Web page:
On a winter day in 1982, Air Florida Flight 90 took off from Washington National Airport en route to Florida. It flew only about a mile before stalling, crashing into the 14th Street Bridge, striking several occupied vehicles and falling into the Potomac River. Seventy-eight people died in the accident, which was determined to be the result of improper deicing. The crash became a seminal moment in the study of teamwork in “high-reliability organizations”—companies in high-risk occupations and environments, from aviation and aerospace to power generation and the military. Now, learnings from high-reliability organizations are being applied to medical education to improve health outcomes and reduce the number of harm events.
“Aviation is an industry that used to have a very high accident rate, but now plane crashes are very rare,” said Jason Higginson, MD, chief of pediatrics at the Brody School of Medicine at East Carolina University and co-author of “Principles of Teamwork and Team Science,” a chapter in the new Health Systems Science textbook. “The reason is the industry has devised structured ways to organize workflow.”
High-reliability organizations are increasingly becoming a focus of health systems science because, due to their focus on teams, they represent a model approach to this “third pillar” of medical education.
One of the things teams focus on is eliminating steps that do not need to be negotiated, Dr. Higginson explained. (Think of deicing a plane in cold weather, for example.) They figure out what is simple and they standardize it.
“In medicine, I think one of our failures is that we reject the idea of standardization,” he said. “High-reliability organizations have shown very clearly through decreased accident rates and decreased harm events that standardization of some things is required for you not to have errors.”
Making change at East Carolina University
Dr. Higginson had been a physician in the Navy, where he was first exposed to the team-science concepts he would later write about. His co-author on the chapter, Donna M. Lake, PhD, RN, also served in the military, as a nurse in the Air Force.
“Watching how they [in the military] structure their interactions and conversations—whether things go well or things go poorly—was really eye-opening to me with regard to how we do things in medicine,” he said.
When he joined East Carolina, in 2012, Dr. Higginson was the director of the neonatal intensive care unit, which had long had a siloed culture. The unit had a physician service and a nurse practitioner service, but they were completely separate.
“Some of that was justified by the differences between the two professions—nurse practitioners are trained to a different standard than physicians,” Dr. Higginson said. “Still, I thought that was a waste of talent. Our nurse practitioners were very skilled, but most of the teaching was done by residents, because they were MDs, even though they had very limited exposure to the ICU. And outcomes were not good.”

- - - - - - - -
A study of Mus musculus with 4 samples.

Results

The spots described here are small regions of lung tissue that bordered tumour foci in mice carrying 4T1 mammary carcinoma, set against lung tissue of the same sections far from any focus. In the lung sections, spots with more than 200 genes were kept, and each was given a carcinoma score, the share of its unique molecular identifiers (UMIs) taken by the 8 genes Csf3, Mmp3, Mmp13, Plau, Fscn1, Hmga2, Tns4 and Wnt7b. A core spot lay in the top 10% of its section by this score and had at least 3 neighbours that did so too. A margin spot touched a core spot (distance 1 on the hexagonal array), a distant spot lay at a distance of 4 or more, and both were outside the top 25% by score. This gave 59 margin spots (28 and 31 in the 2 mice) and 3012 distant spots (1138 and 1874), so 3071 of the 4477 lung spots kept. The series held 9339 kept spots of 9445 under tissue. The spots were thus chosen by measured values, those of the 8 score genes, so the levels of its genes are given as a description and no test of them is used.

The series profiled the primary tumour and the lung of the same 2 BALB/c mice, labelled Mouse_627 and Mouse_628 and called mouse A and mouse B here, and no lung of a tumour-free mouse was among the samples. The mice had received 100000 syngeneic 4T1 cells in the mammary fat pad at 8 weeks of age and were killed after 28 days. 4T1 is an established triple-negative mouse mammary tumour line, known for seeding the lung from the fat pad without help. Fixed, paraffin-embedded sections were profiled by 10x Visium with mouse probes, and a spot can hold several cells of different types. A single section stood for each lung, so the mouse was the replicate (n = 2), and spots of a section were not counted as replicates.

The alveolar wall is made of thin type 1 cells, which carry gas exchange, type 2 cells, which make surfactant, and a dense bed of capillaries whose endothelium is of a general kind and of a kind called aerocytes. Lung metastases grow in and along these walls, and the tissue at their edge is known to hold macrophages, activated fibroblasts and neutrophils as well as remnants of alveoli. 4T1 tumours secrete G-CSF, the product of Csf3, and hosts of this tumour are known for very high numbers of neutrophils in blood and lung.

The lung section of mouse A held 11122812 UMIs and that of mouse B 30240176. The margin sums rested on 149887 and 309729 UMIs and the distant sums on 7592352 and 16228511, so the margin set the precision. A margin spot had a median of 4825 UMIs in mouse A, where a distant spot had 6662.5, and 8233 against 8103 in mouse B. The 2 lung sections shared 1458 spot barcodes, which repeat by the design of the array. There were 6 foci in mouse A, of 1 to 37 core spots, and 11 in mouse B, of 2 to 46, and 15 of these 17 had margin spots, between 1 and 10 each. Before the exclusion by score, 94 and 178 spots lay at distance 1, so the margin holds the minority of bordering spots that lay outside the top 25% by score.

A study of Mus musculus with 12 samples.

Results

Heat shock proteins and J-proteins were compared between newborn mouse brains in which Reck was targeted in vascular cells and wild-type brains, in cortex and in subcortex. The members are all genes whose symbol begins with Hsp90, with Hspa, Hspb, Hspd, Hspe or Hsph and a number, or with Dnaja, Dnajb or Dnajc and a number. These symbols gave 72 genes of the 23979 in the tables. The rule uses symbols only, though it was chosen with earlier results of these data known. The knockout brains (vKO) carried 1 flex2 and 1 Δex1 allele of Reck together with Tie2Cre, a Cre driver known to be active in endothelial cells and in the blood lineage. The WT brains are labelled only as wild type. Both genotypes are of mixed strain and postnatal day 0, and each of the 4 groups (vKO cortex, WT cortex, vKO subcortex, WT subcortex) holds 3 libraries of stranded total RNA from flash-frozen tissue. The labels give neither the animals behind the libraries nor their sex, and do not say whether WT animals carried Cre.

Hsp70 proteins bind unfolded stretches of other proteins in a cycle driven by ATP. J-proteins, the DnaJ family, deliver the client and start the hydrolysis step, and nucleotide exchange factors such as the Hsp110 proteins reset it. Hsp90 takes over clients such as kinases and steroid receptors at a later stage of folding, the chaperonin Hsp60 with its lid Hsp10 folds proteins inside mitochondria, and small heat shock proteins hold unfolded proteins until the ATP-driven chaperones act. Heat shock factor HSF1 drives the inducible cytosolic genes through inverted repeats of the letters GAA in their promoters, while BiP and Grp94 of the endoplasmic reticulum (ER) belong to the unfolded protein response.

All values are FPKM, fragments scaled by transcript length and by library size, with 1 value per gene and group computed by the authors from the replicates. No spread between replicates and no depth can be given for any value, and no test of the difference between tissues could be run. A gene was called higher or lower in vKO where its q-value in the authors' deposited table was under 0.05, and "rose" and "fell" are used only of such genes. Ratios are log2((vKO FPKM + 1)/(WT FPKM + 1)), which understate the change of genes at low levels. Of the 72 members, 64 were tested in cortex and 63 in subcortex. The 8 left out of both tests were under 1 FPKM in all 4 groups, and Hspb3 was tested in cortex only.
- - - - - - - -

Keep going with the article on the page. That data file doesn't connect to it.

So he combined the teams. He got buy-in for the change by first sharing data showing members of the physician team that they had slightly worse outcomes than the nurse practitioner team.
“I said, ‘Look, they’re having really good outcomes on the other team. They must be doing something right,’” he said. “It took a lot of work to convince people that the letters after their names didn’t necessarily tell the whole story, but once they bought into it, outcomes improved. Actually, the outcomes got better for both physicians and nurse practitioners.”
Creating the medical school of the future
“If you look at medical schools and hospitals now, health safety science is something people are thinking about, but it’s not the fabric of who they are,” Dr. Higginson said. “There’s definitely resistance to some of these things. The ‘MD’ carries a lot of power, but it doesn’t necessarily make you right in all situations. That’s what we’re trying to inculcate in our medical students—that you do rely on other professionals, that they bring things to the table too.”
The “Principles of Teamwork and Team Science” chapter focuses largely on the promise of interprofessional education, with sections devoted to defining, constructing and leading teams, as well as the four stages of team development:
- Forming: exploration and building trust
- Storming: attitude changes, competitiveness and tension, disunity
- Norming: satisfaction, respect development, decision-making
- Performing: high level of interaction, increased and optimized performance, confidence within the team
“Most people want to be part of a team, and they want to be part of a functional team,” Dr. Higginson said. “The feedback I’ve received from most people is, ‘This is a good thing. This is something we should have on our minds because it just makes life easier and more enjoyable.’”
Health Systems Science was co-authored by experts from the AMA and faculty from 11 of the 32 member schools in the AMA’s Accelerating Change in Medical Education Consortium. The textbook retails for $59.99 and can be ordered from the AMA Store and the publisher, Elsevier, as well as from Amazon and other online booksellers. AMA members may order it from the AMA Store for $54.99. Individual chapters are also available from Elsevier for $6.99 each.
In 2012, the AMA adopted policy on the structure and function of interprofessional care teams, which highlights the aviation industry's approach to team-based work and how surgeons and intensivists have adapted it to improve patient safety.